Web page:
Fr. Angelo Buffalo

Fr. Angelo's Message on his Golden Anniversary of Priesthood

50 years - Sept. 4 1971



On these days recurs the 50 th anniversary of my priestly ordination: it was the 4 th of

September 1971; and on this occasion, so meaningful for my life, I think I can some up in just

one word the feelings that in these days prevail in my heart: THANKS.

“THANKS” above all to the Lord for the inestimable gift of vocation and ministry: a gift that

can be understood only if we consider it in the perspective of God’s mystery. “You did not

choose me; it was I who chose you” (John 15, 16). God chooses and calls whomever he

wants, out of love, without taking into account the person and his/her qualities and


My “Thank you” goes then to all those who, in one way or another, during all these fifty

years, have been close to me, accompanied me, sustained me, “tolerated” me, and offered

their cooperation and friendship. It would be impossible to list them all. But I cannot fail to

mention MY FAMILY, a deeply Christian, simple, modest family: my parents who gave me

life and now are in heaven together with two brothers and three sisters who followed them.

Sincerely I have a debt of gratitude toward them: they never left me alone, even in difficult


There is then ANOTHER FAMILY that welcomed and accepted me as a brother. The

LARGE SCALABRINIAN FAMILY within which I felt completely fulfilled as a man and as

a missionary-priest, breathing the same spirit and the same ideal “HUMILITY”, which

accompanied me all these years: to be a migrant with migrants. Since the far-away 1955,

when I entered the seminary in Bassano del Grappa (Vicenza, Italy),I shared my life with

you, dearest confreres, and I can say again and again that I have been happy with you all, as

in a home. I will never thank sufficiently the missionaries who, upon coming back from the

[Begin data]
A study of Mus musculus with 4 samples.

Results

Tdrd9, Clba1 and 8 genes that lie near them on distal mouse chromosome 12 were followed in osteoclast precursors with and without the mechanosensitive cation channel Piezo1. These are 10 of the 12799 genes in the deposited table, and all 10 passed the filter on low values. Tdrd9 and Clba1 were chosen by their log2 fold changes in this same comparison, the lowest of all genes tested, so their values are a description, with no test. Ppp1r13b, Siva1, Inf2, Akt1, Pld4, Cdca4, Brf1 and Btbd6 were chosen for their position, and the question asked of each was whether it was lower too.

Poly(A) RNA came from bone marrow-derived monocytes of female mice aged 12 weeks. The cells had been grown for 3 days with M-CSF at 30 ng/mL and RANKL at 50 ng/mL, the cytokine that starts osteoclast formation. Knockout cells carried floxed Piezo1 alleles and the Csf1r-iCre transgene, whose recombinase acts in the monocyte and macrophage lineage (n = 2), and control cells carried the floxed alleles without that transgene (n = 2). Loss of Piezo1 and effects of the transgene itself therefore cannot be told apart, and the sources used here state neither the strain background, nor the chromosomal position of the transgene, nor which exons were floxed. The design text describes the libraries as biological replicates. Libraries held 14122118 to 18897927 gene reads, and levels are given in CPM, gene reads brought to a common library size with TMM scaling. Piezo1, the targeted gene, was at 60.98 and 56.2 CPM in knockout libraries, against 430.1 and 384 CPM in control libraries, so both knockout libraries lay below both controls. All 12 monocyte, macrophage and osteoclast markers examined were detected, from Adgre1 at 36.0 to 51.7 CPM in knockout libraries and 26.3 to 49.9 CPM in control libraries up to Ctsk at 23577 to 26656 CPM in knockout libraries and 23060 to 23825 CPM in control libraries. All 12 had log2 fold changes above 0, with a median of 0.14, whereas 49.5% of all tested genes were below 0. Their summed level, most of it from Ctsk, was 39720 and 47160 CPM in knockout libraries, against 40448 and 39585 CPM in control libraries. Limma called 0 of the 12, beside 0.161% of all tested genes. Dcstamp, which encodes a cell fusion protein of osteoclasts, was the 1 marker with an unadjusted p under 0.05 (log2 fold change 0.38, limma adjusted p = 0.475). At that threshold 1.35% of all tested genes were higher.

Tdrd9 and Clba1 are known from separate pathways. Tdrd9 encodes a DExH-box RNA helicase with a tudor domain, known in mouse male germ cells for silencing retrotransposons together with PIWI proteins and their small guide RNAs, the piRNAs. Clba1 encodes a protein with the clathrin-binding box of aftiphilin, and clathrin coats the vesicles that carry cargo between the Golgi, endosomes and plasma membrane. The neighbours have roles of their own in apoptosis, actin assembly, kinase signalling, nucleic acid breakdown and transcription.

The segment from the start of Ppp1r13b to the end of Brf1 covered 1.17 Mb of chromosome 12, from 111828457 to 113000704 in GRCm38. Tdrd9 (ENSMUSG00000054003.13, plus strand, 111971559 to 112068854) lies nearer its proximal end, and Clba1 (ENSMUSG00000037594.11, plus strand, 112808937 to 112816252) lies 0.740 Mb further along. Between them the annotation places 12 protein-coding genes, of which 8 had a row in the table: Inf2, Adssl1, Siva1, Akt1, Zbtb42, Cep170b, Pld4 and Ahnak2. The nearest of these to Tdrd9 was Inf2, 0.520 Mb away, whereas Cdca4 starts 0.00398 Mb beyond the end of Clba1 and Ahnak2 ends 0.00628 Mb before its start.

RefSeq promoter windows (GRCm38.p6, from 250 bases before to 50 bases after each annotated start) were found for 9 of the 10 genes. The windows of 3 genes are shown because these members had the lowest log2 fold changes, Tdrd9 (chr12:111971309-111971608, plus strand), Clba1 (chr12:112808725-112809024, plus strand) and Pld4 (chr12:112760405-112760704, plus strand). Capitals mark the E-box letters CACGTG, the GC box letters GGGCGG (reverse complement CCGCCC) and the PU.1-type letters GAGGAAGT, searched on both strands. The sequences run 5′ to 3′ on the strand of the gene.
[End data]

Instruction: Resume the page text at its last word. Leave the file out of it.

mission for a visit with their families, have witnessed and shared with us seminarians their

priestly missionary experiences, and thus have ‘warmed up’ my expectation to be one of

them. Without them, my ministry would have been less enthusiastic.

Then, THANKS also to all migrants who gave me the opportunity to exercise my apostolate.

How many sacraments administered, how many families visited, how much listening and

how much trust! Only God knows, but how much satisfaction I felt to have been an

instrument of God.

Beside gratitude, this anniversary is also an occasion to recall the advice of St. Paul to

Timothy: “I remind you to fan into a flame the gift of God you received,” the gift of

priesthood through the laying on of hands (2 Timothy 2, 6). We fan into flame this gift by

going back to the roots, increasing ever more our awareness and re-discovery of the real and

deep identity of the priest, to be, that is, “taken from among men and appointed to be their

representative before God” (Hebrews 5, 1ff). I need to remind myself often: “I have become a

priest not for my own personal satisfaction but in order to be of service to others.” Thence

comes the extraordinary power to celebrate the Eucharist, center and heart of the priestly

ministry, that, besides rendering present the person of Jesus, establishes the Church. Thence

also the power to reconcile men with God through the forgiveness of sins. Thence also, lastly,

the power, the capacity to practice pastoral charity to guide, unite, and sanctify the people of

God. Fanning into flame the gift of ordination means for me to recall to my awareness what is

the meaning of being a priest missionary of Christ and of the Church; it means for me to keep

and witness the amazement, the joy, and the gratitude for the grace of vocation and ministry.

Fifty years have passed since my ordination. This anniversary obliges me now to look at the

future. Certainly the future is in the hands of God, but this does dispense us from assuming

our responsibilities in the present life. From many sides and by many I have been asked what

will I do once the happy excitement of the celebration has gone. I answer: “I will continue to

be a missionary priest, retired or not, pensioner or not life continues, also because my ideal

of a missionary priest is always alive.”

All you, friends of Wollongong (NSW), with whom I shared many moments of joy and

sometimes also of suffering, and who have been always close to me, have prayed, have

rejoiced and sometimes also have suffered with me, especially in this time of pandemic, I ask

you what Pope Francis usually asks: “Do not forget to continue to pray for me”. May the

Lord make us obedient and faithful instruments in his hands and give fecundity till our last

breath to the work we have together undertaken in the vineyard of the Lord.